Establishing a Pathology Service in Northern Uganda

An accurate diagnosis helps to prevent unnecessary or incorrect and potentially harmful treatment and therefore, ensures better use of resources. But, the turnaround time to make a diagnosis and the accuracy of diagnosis is still unsatisfactory in institutions in Africa such as St. Mary’s Hospital Lacor in Gulu, Uganda. These factors have a profound impact on patient management and outcomes. Also without an accurate diagnosis, effective patient management cannot be implemented and meaningful research cannot be conducted.

Since 2008, the Italian non-governmental organization, Pathology Oltre Frontiera (APOF) has been actively helping to establish a histopathological diagnostic service at St. Mary’s Hospital Lacor. The hospital is located about 6 kilometers west of Gulu town in northern Uganda. It is a private, non-profit, Catholic based institution that was founded in 1959 by the Comboni Missionaries. Since its foundation, it has been continuously and steadily developing. The hospital provides all of the major components of the Uganda Minimum Health Care Package. It offers inpatient, outpatient and community-based services. The hospital has adequate facilities and infrastructure. It has electricity and water that is constantly available. The hospital has 580 well-trained staff members, including 35 doctors and 200 nurses and medical officers.

The Hospital receives patients mainly from the Gulu District, but also from other parts of northern Uganda and Sudan. It can accommodate 600 inpatients plus their attendants and sees on average 500 patients on an out-patient basis daily. At least 100 patients are admitted to the hospital every day. The majority of these admissions (about 60%) are children below six years of age.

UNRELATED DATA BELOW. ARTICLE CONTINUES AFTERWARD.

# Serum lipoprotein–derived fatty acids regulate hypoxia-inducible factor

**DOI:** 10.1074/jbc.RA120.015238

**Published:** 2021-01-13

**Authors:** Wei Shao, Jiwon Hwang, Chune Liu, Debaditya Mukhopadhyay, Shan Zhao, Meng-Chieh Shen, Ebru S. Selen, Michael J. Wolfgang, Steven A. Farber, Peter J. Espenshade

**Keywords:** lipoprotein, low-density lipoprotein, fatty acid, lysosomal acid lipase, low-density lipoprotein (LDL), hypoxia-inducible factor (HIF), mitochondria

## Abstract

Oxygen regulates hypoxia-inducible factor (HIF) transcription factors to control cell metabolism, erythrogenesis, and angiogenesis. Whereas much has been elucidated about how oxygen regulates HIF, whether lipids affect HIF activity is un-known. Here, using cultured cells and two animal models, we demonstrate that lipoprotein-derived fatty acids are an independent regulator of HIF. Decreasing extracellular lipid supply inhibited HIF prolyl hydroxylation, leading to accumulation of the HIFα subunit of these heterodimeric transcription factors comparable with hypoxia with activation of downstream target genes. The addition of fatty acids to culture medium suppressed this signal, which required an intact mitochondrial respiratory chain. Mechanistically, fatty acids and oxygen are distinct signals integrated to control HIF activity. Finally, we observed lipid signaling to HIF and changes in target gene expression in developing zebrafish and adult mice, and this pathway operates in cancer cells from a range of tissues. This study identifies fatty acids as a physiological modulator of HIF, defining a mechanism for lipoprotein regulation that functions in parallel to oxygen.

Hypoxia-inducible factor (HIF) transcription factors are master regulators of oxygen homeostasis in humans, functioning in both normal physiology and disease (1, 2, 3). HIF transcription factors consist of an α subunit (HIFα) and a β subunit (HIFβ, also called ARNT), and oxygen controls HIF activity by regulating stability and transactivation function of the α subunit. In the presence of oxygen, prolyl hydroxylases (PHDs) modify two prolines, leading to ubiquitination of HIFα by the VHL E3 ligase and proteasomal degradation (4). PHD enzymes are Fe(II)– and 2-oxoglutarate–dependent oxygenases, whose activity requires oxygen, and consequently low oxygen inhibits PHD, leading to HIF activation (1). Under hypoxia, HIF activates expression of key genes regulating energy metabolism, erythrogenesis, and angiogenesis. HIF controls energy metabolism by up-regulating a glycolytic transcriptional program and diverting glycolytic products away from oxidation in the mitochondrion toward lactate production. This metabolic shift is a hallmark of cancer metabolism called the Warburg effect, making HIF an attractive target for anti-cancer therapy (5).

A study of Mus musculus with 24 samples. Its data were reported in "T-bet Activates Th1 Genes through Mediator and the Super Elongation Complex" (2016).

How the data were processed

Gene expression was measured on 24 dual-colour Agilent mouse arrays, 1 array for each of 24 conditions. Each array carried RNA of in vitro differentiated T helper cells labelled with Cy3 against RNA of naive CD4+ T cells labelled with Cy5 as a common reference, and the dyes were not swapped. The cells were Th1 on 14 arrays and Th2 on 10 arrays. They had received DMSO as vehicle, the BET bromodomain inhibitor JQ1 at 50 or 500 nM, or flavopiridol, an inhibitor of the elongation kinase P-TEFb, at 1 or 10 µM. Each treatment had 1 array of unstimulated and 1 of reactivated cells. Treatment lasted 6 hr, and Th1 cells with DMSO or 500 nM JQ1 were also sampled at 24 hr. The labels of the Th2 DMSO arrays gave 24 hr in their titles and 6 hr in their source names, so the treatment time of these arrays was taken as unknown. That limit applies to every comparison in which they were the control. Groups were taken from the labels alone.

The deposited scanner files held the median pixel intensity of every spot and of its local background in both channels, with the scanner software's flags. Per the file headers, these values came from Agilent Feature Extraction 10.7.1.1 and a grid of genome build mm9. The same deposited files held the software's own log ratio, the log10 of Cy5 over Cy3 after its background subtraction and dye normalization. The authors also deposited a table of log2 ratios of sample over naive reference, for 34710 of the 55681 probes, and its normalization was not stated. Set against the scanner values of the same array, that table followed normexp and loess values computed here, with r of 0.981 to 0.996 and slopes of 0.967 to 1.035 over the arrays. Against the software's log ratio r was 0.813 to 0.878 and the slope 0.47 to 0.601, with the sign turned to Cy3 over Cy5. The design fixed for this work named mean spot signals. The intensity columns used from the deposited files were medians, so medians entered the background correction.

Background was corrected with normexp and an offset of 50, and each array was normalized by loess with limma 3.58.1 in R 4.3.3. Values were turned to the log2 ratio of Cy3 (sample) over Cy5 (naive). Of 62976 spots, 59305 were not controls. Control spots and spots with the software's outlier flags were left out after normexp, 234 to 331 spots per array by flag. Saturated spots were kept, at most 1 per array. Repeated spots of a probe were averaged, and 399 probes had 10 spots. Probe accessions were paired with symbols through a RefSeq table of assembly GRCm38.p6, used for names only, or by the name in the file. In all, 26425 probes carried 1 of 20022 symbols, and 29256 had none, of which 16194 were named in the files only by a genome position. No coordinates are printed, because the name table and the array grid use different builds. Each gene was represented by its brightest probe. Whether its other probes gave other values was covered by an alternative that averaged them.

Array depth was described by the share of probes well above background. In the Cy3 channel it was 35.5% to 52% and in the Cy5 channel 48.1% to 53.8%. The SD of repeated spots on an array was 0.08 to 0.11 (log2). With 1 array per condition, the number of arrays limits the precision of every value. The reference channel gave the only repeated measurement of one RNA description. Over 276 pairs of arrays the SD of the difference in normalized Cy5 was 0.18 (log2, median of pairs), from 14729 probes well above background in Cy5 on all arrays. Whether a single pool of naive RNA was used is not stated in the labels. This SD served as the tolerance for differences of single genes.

Diagnostic services have been ensured by the continuous presence of volunteer pathologists from Italy and two local technologists. The pathologists from APOF will continue to remain at the hospital until the Medical Officer, who is presently undergoing training at the Mulago Hospital to become a specialist in pathology, can work autonomously.

The availability of a pathology service makes it possible for St. Mary’s Hospital to participate in the INCTR study on Burkitt lymphoma (BL). Their ability to participate in the study is important because in this region, BL is one of the most common childhood cancers.

The laboratory is equipped with automated embedding and staining units as well as a microtome. Not only basic stains such as H&E are performed, but also PAS, Giemsa, Ziehl-Neelsen e Papanicolau for vaginal smears and cytology are as well. Basic immunostaining is also possible. Most of the running costs are paid for by the hospital as are the salaries of the laboratory staff. INCTR pays for part of costs associated with the antibodies used in lymphoma diagnostics.

In the year 2010, there were 1,052 cytology and 1,930 histology examinations performed. Approximately half of the cytology examinations were of vaginal smears for women attending antenatal and AIDS clinics in order to screen for cervical cancer.

An integral part of the APOF program is to raise awareness among all of the medical and nursing staff of the new pathology service. The laboratory is also “twinned” with specialized centers in Italy, mainly the Department of Pathology at the University of Siena in order to receive scientific “on line” help. Dr. Lorenzo Leoncini is responsible for the APOF project in Lacor. He is also the Director of INCTR’s Pathology Program and a member of INCTR’s Governing Council.